I wish I would’ve brought my camera.
It was a wonderful meal! Going out to eat for Easter Sunday has become a tradition in my family. This year we tried a fairly new Italian restaurant in Sheboygan. Lino Ristorante Italiano is run by Italian-born restraunteur, Lino Autiero, who has operated restaurants in L.A. and Capri, Italy. To further his impressive credentials, he is also great friends with Wolfgang Puck and has directed the wedding of this famous chef. Before we even entered, I knew we would be eating well.
Oh goodness, I’ve never seen such an assortment of antipasto. Antipasto is an Italian term for appetizer or small plates. They often consist of marinated olives, prosciutto and cheese, or grilled and marinated eggplant. Of course there is much more. These were laid out on a center table for everyone to see. Although we did not order any, I was impressed with the authenticity.
Instead, we settled for the mushroom soup as a prelude to dinner. As the waiter brought out the bowls, my eyes grew wide. They were huge! “Don’t worry, you’ll eat it all,” he knowingly assured us. I dipped the spoon into the luscious broth. “Clinck!” The world’s most shallow bowl. When I tasted it, I wasn’t so relieved by the depth of its receptical. I would have been satisfied with soup and nothing else. Earthy and deep. This soup did justice to the mushroom. A single garlic toast floated on top, absorbing the flavor. I was in heaven.
Next came the main course.
I ordered veal scallopini with prosciutto and sage. This was rather delightful. I love, love, LOVE proscuitto. I really don’t have much to say about this dish other than it was delicious, and I wouldn’t hesistate to order it again. My brother and father both ordered the lamb chops topped with mint parsley pesto with a side of peas and oven-roasted potatos. The owner, Mr. Autiero himself, came over to the table a couple times to chat. He was delighted to see someone order the lamb (I think people tend toward pasta dishes in Italian restaurants). He told my father and brother not to hesitate to pick up the bone with their hands and eat off of it “like a dog”.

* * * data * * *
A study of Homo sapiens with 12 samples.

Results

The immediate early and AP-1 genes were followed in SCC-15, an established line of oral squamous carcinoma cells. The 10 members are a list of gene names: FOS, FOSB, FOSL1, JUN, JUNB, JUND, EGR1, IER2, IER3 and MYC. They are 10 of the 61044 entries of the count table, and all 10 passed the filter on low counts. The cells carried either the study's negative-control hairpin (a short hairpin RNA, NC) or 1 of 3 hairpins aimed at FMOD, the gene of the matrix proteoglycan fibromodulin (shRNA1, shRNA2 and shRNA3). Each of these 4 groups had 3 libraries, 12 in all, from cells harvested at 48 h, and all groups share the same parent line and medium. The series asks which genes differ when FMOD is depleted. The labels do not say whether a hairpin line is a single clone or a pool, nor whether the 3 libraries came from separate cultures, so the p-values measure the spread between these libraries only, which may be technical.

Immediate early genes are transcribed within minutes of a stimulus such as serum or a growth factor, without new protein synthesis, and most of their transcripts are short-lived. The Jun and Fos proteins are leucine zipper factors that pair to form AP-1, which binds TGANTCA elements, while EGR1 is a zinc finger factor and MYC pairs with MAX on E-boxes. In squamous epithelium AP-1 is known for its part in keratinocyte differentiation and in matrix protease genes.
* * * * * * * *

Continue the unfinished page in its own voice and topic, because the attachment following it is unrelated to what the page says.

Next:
Now this is my kinda guy! Here we were in a fancy restaurant, being told to eat like animals. It really wasn’t about the atmosphere. It was all about the food. As it should be. He knew that the most flavorful part of the chops would be right next to the bone. If it means forgoing any sense of manner in an upscale restaurant to get the most out of your experience, by all means, eat like a dog.
Man was I full! This, however, does not stop me when I hear the word “dessert”. Oh no….never. Suddenly there is room for more. The waitress listed off a selection that included tiramisu, gelatos, sorbettos, cheesecakes, and tartuffi. All homemade. How could I pick?! Straying from my usual tendency towards chocolate, I chose a peach sorbet that piqued my interest. It was brought out in a martini glass. Inside was a hollowed out peach filled with the sorbet! What a refreshing way to end dinner! Light and fresh, the sorbet didn’t put me too over the top.
I’d love to venture back to this restaurant in the future. The atmosphere, service, and food were all spot-on. As we left, the owner shook each of our hands. It doesn’t get more personable and friendly than that! My family has already started talking about coming back in the summer when the weather is perfect for dining al fresco. Pinky promise I’ll bring the camera next time 🙂
Before I go, here’s a few snapshots of what I’ve been up to in my dinky yet beloved dorm kitchen in the last couple o’ days:
Huevos Rancheros with bacon and Beanie’s salsa.
Pork chops smothered in gravy with mushroom couscous and sauteed spinach.
Oh, and when I went home two weekends ago…there was cake.